History Of The Ship Wheel
The ship’s wheel was predated by the use of the whip staff, which proved very insufficient. The ship’s wheel actually did not come about until very late in the development of the ship itself, until then the lackluster whip staff sufficed. The invention of the ship’s wheel is credited to the British Royal Navy, even though there has been no sufficient evidence to support this statement. It was believed to have been created by the workers in the ship docks and the artisans and not commissioned by the central government itself. The National Maritime Museum at Greenwich provides much back story on the history of the ships wheel.
The first ship wheels are thought to have been implemented around 1703, as seen in photographs of models from that period of time. However, this date is highly uncertain as there is not enough evidence short of a singular model ship that shows a fully developed wheel. Even if the ship’s wheel were invented then, it still may have taken some time for it to become commonplace in the use of ships. For instance, there is evidence that the Russel, an 80-gun ship started in 1707 was to be fitted with a whip staff. While in 1711, the 90-gun ship Ossory shows a design of a ship wheel in the proper place. While the 50-gun Gloucester of the same date used a whip staff. This evidence suggests that the ship wheel were probably truly invented closer to 1710 rather than circa 1702-03. By 1715, the ship’s wheel became the new standard for ships.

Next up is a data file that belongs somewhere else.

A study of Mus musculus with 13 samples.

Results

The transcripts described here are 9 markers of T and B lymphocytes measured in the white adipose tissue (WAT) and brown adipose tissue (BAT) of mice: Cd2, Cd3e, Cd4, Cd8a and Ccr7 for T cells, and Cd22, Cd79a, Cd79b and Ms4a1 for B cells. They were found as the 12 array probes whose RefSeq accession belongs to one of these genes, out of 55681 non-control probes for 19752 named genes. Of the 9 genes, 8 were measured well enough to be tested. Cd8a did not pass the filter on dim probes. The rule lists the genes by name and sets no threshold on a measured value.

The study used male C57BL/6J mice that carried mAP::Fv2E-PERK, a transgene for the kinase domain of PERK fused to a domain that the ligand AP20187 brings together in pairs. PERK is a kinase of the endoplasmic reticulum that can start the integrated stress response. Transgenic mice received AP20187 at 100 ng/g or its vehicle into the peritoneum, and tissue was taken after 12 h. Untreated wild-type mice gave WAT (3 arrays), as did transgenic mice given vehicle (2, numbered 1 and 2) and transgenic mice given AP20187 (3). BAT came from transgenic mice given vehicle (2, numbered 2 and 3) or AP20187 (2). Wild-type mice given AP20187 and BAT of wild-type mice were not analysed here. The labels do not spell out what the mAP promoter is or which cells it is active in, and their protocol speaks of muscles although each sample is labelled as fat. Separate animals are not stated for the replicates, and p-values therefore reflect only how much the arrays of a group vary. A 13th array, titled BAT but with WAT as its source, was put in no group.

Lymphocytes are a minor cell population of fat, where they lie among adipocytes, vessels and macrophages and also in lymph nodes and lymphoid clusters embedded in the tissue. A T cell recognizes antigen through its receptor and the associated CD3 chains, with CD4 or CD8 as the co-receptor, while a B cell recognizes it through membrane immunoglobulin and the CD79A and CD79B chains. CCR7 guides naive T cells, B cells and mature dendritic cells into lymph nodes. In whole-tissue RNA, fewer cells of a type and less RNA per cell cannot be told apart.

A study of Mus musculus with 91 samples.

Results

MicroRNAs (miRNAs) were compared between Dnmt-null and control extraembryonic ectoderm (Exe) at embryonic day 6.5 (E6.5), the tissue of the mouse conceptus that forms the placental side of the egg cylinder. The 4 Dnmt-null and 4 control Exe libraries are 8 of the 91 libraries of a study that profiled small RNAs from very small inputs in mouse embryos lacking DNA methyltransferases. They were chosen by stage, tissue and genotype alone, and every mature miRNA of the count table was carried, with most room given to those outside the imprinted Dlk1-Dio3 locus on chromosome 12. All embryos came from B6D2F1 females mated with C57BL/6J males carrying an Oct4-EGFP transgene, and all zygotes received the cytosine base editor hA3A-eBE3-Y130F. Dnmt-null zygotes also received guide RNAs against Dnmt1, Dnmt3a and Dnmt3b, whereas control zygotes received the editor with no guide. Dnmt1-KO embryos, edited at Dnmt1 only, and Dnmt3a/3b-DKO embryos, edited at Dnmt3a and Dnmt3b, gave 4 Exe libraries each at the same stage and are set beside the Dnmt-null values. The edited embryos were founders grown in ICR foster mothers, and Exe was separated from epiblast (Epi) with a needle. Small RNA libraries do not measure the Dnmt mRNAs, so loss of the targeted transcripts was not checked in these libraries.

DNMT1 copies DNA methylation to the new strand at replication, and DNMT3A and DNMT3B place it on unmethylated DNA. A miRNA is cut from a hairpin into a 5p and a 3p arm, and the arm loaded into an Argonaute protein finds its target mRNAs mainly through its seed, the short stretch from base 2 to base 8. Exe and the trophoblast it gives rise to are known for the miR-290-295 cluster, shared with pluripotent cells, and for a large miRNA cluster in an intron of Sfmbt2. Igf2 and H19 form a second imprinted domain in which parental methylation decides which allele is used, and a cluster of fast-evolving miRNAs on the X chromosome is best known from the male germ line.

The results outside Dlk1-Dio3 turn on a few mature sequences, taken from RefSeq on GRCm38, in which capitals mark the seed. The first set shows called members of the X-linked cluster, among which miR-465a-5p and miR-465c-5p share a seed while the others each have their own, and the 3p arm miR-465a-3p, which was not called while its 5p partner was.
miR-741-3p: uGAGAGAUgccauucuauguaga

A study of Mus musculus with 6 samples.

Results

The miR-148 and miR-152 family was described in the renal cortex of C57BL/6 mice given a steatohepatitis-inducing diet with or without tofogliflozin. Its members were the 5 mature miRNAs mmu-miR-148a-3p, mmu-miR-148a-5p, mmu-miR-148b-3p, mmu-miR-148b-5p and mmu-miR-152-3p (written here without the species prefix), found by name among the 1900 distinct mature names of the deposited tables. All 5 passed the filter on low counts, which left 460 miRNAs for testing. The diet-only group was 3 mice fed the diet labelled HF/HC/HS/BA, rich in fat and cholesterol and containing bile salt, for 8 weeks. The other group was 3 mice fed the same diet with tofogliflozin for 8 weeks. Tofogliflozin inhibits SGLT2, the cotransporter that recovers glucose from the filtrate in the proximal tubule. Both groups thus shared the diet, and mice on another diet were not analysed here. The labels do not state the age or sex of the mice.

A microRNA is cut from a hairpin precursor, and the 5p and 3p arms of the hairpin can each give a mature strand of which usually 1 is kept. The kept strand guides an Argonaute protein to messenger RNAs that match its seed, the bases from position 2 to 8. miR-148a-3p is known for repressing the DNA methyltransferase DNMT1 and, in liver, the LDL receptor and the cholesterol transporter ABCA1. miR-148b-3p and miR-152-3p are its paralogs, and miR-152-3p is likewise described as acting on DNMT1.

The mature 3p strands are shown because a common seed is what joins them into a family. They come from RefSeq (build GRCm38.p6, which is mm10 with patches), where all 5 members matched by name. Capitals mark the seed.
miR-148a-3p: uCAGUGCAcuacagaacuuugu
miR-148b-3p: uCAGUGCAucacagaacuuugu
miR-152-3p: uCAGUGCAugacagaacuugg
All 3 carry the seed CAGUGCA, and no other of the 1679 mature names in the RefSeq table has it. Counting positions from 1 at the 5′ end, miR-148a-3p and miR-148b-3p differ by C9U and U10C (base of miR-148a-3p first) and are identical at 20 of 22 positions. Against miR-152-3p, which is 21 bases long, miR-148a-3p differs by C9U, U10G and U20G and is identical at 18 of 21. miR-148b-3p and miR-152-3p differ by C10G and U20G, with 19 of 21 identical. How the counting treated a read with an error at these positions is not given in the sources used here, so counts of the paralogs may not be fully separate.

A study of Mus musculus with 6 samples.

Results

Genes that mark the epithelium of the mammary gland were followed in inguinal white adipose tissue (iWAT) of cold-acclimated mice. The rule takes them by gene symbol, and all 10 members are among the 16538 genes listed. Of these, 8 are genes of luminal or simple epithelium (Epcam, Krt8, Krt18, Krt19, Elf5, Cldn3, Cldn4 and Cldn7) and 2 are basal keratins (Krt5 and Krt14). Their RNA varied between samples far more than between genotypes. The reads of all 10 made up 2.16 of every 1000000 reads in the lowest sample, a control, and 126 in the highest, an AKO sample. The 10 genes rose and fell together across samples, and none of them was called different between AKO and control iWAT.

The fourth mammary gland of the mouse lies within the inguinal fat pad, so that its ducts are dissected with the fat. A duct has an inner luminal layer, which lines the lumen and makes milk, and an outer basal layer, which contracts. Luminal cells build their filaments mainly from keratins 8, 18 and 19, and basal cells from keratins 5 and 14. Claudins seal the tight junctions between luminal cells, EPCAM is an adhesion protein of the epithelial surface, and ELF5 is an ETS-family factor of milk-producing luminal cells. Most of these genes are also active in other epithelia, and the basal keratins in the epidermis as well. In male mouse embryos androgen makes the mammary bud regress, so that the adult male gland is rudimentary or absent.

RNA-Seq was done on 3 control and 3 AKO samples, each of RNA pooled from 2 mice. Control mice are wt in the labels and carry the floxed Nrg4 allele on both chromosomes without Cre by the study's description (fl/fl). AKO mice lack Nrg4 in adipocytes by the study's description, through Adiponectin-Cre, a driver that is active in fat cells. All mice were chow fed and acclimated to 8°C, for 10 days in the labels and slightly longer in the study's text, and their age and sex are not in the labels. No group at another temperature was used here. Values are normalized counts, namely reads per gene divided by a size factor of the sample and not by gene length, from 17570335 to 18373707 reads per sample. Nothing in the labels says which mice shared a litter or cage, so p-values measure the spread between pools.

Early ship wheels were placed behind the mizzen mast, and above the tiller’s end, obstructing the helmsman’s view quite profoundly. Originally, the ship wheel was placed in front of a barrel of cylinder shape. It was to be operated by two men in heavy storm conditions, although the small amount of space caused them to get in the way of each other. Around 1740, many ships included two wheels. This allowed four men to be capable of steering if need be.
Early wheels suffered the problem of not having equal amounts of slack and tightening on both ends of the tiller rope. When the rope became hauled to one side, the angle of the center line of the ship became altered. This caused the rope to either become too tight or too slack. This flaw of design was not improved on for about 70 years until Pollard, Master Boat builder at Portsmouth Dockyard, introduced a new system. Pollard’s system was comprised of “sweeps and rowles” that were tested under Captain Bentinck in 1771. Pollard’s system was a success and became used as the standard by 1775.
The ship’s wheel is shrouded in many mysterious and discrepancies. While no one knows who invented the ship wheel at exactly what point in time, there is a general idea. It is one of the biggest steps taken in nautical navigating and helped to improve the way we view ships in the modern era.